Alex Turner: parents of young man found dead on railway in Salford criticise health trust failings
An inquest heard the 24-year-old had forewarned staff at a mental health trust that he would jump in front of a train if he was discharged.
The parents of a young man found dead on train tracks near Salford are calling for lessons to be learned after an inquest found failings by a mental health trust contributed to his death.
Alex Turner, 24, from Chorley, went missing from the Eagleton Ward of Salford Royal Hospital’s Meadowbrook Unit, on 5 December, 2019. His body was found near Eccles station the next morning.
The inquest was told Alex had been diagnosed with Emotionally Unstable Personality Disorder shortly after being admitted as a voluntary inpatient to North Manchester General Hospital’s Safire unit on 24 November.
An inquest in Bolton was told that Alex told staff that he heard a voice in his head telling him to kill himself, and his father raised concerns that Alex had said he would jump in front of a train if he was discharged.
Despite this, the court heard that Alex was discharged without his family being told on 28 November and was sent in a taxi to the local housing office. Within hours, Alex was admitted to the Eagleton Ward after council staff called an ambulance due to concerns that Alex would take his own life.
In the inquest, assistant coroner Catherine Cundy read out a series of failings admitted by Greater Manchester Mental Health NHS Foundation Trust (GMMH), including that there had been “a failure to formulate a comprehensive discharge care plan for Mr Turner’s discharge from SAFIRE Unit” and “a failure to fully involve and engage Mr Turner’s father in the discharge.”
The two-week inquest concluded: “Alexander James Turner took his own life in part because the risk of him doing so was not fully recognised and appropriate steps were not taken to manage the risk of him doing so. His suicide was contributed to by neglect.”
Parents say they feel ‘let down’
Alex’s mother, Andrea Turner, said: “Suicide awareness and suicide prevention are words you hear all the time these days. Young adults are especially encouraged to speak out and get help.
“Ironically, our son couldn’t have been more vocal about being suicidal and needing help, and he was even vocal about how and where he was intending to end his life. Despite him being so vocal, he still lost his life.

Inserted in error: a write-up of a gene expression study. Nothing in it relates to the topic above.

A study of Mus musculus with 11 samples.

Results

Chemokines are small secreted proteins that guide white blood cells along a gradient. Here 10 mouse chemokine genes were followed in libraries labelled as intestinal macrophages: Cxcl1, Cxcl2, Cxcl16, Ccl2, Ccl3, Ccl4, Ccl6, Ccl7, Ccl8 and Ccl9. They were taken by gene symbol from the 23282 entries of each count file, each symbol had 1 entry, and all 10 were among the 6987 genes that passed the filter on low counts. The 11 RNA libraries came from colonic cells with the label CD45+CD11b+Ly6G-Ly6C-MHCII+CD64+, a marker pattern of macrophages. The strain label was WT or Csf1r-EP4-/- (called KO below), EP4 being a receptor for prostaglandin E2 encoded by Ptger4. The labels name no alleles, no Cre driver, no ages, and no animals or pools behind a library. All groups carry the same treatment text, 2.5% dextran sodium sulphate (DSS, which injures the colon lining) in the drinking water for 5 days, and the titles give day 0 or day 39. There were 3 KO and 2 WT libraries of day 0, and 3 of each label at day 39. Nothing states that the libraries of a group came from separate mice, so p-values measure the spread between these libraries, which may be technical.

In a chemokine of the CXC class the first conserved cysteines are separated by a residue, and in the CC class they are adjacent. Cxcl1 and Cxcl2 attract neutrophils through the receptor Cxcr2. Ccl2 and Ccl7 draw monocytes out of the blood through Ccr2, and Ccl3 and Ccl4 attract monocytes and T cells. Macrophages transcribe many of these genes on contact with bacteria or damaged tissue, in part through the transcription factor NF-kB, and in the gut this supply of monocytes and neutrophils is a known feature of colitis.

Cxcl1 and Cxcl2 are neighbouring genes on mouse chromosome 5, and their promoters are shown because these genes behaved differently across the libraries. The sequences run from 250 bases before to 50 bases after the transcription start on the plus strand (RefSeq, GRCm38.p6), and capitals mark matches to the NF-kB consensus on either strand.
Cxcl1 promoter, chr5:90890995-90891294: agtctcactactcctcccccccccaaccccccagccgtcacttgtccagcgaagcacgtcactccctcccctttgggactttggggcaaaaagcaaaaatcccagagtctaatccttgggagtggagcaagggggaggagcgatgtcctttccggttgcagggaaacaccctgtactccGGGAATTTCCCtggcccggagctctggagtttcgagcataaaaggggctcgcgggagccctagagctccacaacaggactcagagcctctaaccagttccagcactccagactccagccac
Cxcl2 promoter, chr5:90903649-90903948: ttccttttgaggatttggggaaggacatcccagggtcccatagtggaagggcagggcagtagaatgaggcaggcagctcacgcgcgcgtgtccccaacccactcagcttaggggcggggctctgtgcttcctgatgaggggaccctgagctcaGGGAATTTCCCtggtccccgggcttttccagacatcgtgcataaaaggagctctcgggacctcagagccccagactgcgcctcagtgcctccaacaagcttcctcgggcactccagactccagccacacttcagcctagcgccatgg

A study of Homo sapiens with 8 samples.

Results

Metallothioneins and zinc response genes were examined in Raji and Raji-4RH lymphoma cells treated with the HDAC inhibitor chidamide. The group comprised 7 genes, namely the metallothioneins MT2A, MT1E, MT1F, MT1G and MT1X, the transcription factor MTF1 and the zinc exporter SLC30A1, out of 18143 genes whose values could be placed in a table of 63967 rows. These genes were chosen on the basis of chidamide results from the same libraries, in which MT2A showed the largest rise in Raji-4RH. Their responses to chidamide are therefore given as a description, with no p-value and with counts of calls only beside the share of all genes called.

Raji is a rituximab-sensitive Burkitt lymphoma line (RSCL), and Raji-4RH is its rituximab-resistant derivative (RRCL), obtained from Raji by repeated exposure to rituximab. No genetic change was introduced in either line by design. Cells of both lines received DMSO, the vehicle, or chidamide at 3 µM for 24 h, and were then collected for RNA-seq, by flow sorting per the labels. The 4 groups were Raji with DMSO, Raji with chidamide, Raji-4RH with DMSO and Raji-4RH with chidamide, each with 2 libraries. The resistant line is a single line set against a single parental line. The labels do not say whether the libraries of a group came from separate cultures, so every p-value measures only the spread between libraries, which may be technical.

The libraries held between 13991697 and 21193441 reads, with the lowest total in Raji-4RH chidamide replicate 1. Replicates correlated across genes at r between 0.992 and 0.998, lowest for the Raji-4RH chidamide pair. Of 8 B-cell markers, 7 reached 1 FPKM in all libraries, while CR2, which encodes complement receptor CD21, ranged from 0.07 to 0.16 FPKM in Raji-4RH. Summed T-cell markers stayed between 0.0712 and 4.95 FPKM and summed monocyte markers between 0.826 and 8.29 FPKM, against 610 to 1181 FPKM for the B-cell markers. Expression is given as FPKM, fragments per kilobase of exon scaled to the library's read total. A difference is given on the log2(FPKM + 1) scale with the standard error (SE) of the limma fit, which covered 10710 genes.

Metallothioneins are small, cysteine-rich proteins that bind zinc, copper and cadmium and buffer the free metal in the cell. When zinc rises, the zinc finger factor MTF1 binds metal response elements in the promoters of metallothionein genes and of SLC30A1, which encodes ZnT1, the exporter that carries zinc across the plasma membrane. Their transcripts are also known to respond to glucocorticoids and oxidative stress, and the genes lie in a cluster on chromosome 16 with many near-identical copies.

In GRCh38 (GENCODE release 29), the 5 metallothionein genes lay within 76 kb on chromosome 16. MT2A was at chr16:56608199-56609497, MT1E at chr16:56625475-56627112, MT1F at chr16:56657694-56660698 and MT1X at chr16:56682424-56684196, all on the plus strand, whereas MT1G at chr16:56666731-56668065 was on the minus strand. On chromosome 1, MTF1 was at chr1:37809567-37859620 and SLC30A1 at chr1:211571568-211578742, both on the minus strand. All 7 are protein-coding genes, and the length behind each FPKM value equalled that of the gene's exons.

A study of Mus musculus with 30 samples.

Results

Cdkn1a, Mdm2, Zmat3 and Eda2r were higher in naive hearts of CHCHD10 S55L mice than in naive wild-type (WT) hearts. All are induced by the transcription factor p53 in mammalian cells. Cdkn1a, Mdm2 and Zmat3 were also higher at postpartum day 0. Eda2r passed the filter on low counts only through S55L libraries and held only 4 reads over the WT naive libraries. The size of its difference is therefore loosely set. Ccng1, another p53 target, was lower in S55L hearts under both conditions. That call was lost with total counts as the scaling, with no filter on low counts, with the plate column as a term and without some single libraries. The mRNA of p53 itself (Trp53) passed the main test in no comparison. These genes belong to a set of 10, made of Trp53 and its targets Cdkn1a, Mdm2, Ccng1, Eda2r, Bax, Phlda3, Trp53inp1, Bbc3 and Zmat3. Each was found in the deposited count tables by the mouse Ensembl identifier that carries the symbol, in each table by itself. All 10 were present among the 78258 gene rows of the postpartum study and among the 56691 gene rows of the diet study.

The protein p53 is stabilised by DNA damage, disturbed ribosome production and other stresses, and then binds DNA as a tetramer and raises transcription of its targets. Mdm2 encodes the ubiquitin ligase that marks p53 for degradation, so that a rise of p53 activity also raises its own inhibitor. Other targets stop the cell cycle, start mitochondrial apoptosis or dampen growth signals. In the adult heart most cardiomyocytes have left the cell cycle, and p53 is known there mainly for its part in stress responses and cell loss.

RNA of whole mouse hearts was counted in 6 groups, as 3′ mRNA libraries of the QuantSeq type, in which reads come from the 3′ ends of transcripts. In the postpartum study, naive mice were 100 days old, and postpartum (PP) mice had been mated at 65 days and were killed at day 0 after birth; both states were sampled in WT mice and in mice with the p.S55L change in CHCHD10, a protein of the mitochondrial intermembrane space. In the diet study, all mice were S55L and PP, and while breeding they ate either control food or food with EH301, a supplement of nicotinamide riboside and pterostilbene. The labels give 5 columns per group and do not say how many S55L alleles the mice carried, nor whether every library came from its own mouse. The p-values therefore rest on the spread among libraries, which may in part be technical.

“As parents, we had no training in how to keep Alex safe, no processes or procedures or manuals to follow. All we could do was to trust that the professionals knew what they were doing. Nearly two years after Alex’s death we still can’t get our heads around how badly those same professionals let him down.”
Gus Silverman, the specialist inquest lawyer at Irwin Mitchell who represented Alex’s family alongside Kirsty Brimelow QC, said after the hearing: “It’s hard to imagine what else Alex needed to do in order for his risk of suicide to be taken seriously and for a proper plan to be put in place to keep him safe.”
What has the trust said in response?
Gill Green, director of Nursing and Governance at Greater Manchester Mental Health NHS Foundation Trust (GMMH), said: “Our deepest condolences go out to Alex’s family, friends and all who cared for him at this sad time.
“As an organisation, we are committed to learning from these incidents. We have undertaken work to thoroughly understand the circumstances surrounding it and from this, we have developed a comprehensive set of recommendations and actions – against which we have made significant progress - to prevent any similar incidents in the future.
“However, we fully accept the findings of the Coroner, and recognise there is further work to be done. This will be actioned as a top priority.”